21 Aug 2014

Duval: Free State Project, Occupy “are not terrorists”; but Bearcat is needed to replace aging Peacekeeper.

John Duval, the chief of the Concord Police Department, has come under fire in recent weeks for requesting that the Concord City Council accept a $258,000 federal grant to purchase a Lenco Bearcat armored vehicle for the department, a move that some have called “militarizing” local police.

Duval stated that the city needed the Bearcat to replace a three-decade-old USAF Peacekeeper, a similar vehicle, which was obtained by the department in 1981 through a surplus military equipment grant program. If approved, the Bearcat would be used by the Central New Hampshire Special Operations Unit, a SWAT team of sorts for a number of towns from Concord up I-93 to Lincoln, to be used in certain enforcement situations.

In the grant application, Duval wrote that he was concerned that a number of groups, including the Free State Project and Occupy New Hampshire, “presented daily challenges” and that home ground clusters of anti-government in nature pose problems for police forces, including Concord’s.

The comments have sparked outrage from both organizations as well the New Hampshire Civil Liberties Union and the editorial page of the New Hampshire Union Leader. An online petition is also circulating calling on the council to reject the proposal and for the resignations of Duval, City Manager Tom Aspell, and Deputy City Manager Brian LeBrun. 

While he stands by the basic premise that there are situations where the Bearcat is needed in the Central NH ops unit, Duval apologized for any offense citing the groups may have caused. He said that he was limited to three pages of space to explain why the unit needed the Bearcat and that limited the amount of text he was able to offer in the request.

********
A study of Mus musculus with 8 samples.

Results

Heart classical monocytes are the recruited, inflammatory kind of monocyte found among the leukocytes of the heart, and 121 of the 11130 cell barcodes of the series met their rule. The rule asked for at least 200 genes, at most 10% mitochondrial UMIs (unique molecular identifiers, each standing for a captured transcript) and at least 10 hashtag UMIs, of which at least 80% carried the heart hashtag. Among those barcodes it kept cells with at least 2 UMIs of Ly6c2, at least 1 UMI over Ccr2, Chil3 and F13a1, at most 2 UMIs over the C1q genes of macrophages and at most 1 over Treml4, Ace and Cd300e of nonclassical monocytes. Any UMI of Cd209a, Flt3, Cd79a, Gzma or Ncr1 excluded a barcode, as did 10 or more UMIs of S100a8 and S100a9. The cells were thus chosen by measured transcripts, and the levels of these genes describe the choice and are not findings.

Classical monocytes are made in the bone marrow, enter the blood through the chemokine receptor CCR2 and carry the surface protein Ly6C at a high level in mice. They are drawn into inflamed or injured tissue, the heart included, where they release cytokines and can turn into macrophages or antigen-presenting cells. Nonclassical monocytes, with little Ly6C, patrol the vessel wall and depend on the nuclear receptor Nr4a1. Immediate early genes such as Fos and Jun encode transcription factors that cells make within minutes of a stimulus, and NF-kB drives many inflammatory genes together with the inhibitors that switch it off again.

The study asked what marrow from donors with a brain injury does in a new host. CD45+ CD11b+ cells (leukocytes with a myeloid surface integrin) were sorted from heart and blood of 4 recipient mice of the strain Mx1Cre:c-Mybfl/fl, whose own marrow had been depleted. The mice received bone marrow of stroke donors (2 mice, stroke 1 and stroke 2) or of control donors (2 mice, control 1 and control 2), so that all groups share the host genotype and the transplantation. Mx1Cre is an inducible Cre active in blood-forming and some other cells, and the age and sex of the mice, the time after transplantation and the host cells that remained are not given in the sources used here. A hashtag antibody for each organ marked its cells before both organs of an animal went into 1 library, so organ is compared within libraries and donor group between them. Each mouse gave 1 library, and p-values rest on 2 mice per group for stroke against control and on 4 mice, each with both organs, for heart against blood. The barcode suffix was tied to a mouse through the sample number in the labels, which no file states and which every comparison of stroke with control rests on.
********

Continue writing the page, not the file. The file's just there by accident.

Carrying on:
“The three organizations that I mentioned … I do not believe they are terrorist groups,” Duval said. “I don’t know how clearer I can say that. I don’t believe that they are … it was a poorly worded sentence and paragraph and I’m sorry for that.”

Duval said the “intent of using them as example” was that there are people in the community who are politically “polarizing” who “attach themselves” to the otherwise law abiding groups and have caused situations that are lethal and disturbing that concern law enforcement.

“That was the intent of the following words, that they are ‘home grown clusters,’” he said. “There are individuals, who, in their own mind, rally themselves and identify themselves to this particular cause or that and take their behaviors and their views to an extreme level, that are criminal in nature, that cause disruption with quality of life and lethal situations in this country and we’ve seen that in a variety of different ways, for whatever reasons.”

Duval said the Bearcat was used to transport people from one place to another during extreme situations where officers would be in danger. Concord has been a part of the Central New Hampshire Special Operations Unit since 2007 when the department decided it would be better and more affordable, and has brought about a number of incidents ending safely, he said. Duval added that law enforcement needed to be prepared "for the rare situations" when the Bearcat was needed. 

The Concord City Council will decide on Aug. 12, whether or not to accept a federal grant to purchase the Bearcat.